The Navy Fires Fourth Commander in Seven Days

Replenishment-at-sea aboard the guided-missile destroyer USS Preble.
Sailors handle line during a replenishment-at-sea aboard the Arleigh Burke-class guided-missile destroyer USS Preble. (U.S. Navy photo by Mass Communication Specialist 3rd Class Morgan K. Nall)

The Navy has announced yet another firing of a commanding officer -- Cmdr. Peter Lesaca of the destroyer USS Preble -- in a press release Tuesday evening. Lesaca is the fourth commander to be relieved by the Navy in the last seven days.

In addition to Lesaca, the Navy announced on Saturday that it relieved the commander and top enlisted representative of the destroyer USS Bulkeley. The same day, the service also relieved the commanding officer of its boot camp at Great Lakes, Illinois. Finally, the commander of Electronic Attack Squadron (VAQ) 137 was relieved on June 8.

The recent firings are a notable spike in the steady drumbeat of reliefs that the Navy uses to hold its leaders accountable for issues from personal misconduct to failings at their commands. Since May, the Navy has fired eight leaders, including the commander and executive officer of its Naval Justice School and the commander of Helicopter Sea Combat Squadron (HSC) 28. Since the start of the year, the sea service has relieved or reassigned at least 15 commanders, executive officers or command enlisted representatives.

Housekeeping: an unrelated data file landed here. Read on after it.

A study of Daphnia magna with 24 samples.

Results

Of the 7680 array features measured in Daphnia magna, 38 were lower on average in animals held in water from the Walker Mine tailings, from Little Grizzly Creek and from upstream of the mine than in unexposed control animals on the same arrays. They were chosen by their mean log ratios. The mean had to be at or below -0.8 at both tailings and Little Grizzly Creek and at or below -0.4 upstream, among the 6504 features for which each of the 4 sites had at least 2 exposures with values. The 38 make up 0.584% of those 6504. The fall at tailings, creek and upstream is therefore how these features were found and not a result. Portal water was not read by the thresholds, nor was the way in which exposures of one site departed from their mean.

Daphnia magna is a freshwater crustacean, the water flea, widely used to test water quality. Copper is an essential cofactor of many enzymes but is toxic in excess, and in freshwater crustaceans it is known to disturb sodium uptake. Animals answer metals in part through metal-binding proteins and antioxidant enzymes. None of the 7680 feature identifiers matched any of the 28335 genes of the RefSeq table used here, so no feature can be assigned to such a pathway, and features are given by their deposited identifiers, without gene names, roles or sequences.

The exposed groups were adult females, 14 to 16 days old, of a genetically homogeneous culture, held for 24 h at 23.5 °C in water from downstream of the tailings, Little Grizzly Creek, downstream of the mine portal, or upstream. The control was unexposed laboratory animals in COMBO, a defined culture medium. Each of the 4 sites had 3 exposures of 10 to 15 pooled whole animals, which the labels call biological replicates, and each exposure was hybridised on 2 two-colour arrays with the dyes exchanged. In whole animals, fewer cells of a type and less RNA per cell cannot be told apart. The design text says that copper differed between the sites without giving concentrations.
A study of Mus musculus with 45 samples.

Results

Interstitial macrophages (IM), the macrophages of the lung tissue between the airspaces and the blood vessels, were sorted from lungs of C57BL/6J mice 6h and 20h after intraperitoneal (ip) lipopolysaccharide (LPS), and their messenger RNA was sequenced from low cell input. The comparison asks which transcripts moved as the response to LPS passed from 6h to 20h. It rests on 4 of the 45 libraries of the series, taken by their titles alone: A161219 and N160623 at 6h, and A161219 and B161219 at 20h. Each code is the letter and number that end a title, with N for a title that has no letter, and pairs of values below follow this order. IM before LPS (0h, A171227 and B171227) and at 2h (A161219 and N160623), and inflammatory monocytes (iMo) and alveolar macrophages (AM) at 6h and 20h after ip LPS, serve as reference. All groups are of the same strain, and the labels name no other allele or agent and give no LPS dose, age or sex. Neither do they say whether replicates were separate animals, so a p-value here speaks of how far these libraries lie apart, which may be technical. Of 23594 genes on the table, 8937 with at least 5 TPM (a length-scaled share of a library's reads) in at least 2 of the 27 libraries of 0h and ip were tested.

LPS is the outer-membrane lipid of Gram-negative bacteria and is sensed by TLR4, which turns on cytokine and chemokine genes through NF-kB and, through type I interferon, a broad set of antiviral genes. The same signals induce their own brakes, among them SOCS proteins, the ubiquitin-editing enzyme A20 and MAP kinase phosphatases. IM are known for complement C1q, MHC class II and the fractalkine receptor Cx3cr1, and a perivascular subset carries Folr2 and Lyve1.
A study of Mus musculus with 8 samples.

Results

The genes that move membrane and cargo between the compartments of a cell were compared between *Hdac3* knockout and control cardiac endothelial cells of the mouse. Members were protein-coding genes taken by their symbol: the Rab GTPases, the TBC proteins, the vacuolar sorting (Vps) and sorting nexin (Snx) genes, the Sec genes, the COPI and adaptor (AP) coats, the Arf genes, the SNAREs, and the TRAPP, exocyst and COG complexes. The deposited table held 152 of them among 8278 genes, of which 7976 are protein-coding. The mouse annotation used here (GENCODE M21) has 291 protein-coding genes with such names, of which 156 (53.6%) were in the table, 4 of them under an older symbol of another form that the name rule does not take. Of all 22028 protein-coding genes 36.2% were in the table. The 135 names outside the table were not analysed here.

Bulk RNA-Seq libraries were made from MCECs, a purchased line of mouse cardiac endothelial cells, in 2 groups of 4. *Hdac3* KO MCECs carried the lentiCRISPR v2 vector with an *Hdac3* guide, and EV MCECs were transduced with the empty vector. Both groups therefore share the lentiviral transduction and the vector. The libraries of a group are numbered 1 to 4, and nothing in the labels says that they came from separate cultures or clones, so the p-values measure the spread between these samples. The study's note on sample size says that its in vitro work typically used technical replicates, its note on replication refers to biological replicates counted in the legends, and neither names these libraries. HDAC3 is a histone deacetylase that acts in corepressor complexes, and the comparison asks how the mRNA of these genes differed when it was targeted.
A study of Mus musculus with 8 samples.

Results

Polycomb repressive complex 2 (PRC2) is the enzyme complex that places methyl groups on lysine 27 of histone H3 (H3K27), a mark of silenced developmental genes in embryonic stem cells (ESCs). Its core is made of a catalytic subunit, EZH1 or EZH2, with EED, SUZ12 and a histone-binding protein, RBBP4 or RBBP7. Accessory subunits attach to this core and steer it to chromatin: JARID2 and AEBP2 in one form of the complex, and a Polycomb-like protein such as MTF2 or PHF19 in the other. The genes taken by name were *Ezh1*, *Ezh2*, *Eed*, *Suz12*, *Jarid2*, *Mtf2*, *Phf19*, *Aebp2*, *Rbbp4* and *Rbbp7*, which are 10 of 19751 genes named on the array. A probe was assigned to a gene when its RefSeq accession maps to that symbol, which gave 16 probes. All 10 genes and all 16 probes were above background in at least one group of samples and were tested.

In Lesaca's case, Navy spokesman Cmdr. Arlo Abrahamson told the commander's removal came after he was arrested on suspicion of driving under the influence. Another firing, that of Cmdr. Chris Brown in February, the commanding officer of Navy Talent Acquisition Group New Orleans, cited a similar reason.

USNI reported that the first relief of the year, the Jan. 6 firing of Cmdr. Jeffery Servello, commander of USS Paul Ignatius, was the result of an investigation into the ship's performance during a 2021 exercise.

However, the details are usually more scarce. In the case of the Bulkeley's leaders, Navy spokesman Lt. Cmdr. Jason Fischer told that the firings came after "a formal investigation." Conversely, the Navy simply said the commander of the Navy's boot camp -- Capt. Jeffry Sandin -- was relieved without an investigation and faces no other disciplinary action.

Unlike firings last year, none of the announced reliefs in 2022 appears to stem from a violation of the Navy's COVID-19 policies. But there has been at least one commander who is absent from the service's public announcements. According to court filings, the Navy reassigned the commander of an unnamed destroyer in April after he refused the vaccine and defied Navy mitigation policies. He is currently suing the Navy over its vaccine mandate.

In most of the firings, the Navy has taken care to note that the action was not taken lightly and with care not to disrupt ongoing operations of the unit in question.

In the case of the ship commanders, they are often replaced with their executive officers or an officer from the unit that they report to until a permanent replacement is named. The Preble's commander was replaced by Capt. Larry Repass, the deputy commodore of Destroyer Squadron 23, while the Bulkeley's skipper was replaced with Capt. William "Mac" Harkin, the deputy commodore of Destroyer Squadron Two.

-- Konstantin Toropin can be reached at Follow him on Twitter @ktoropin.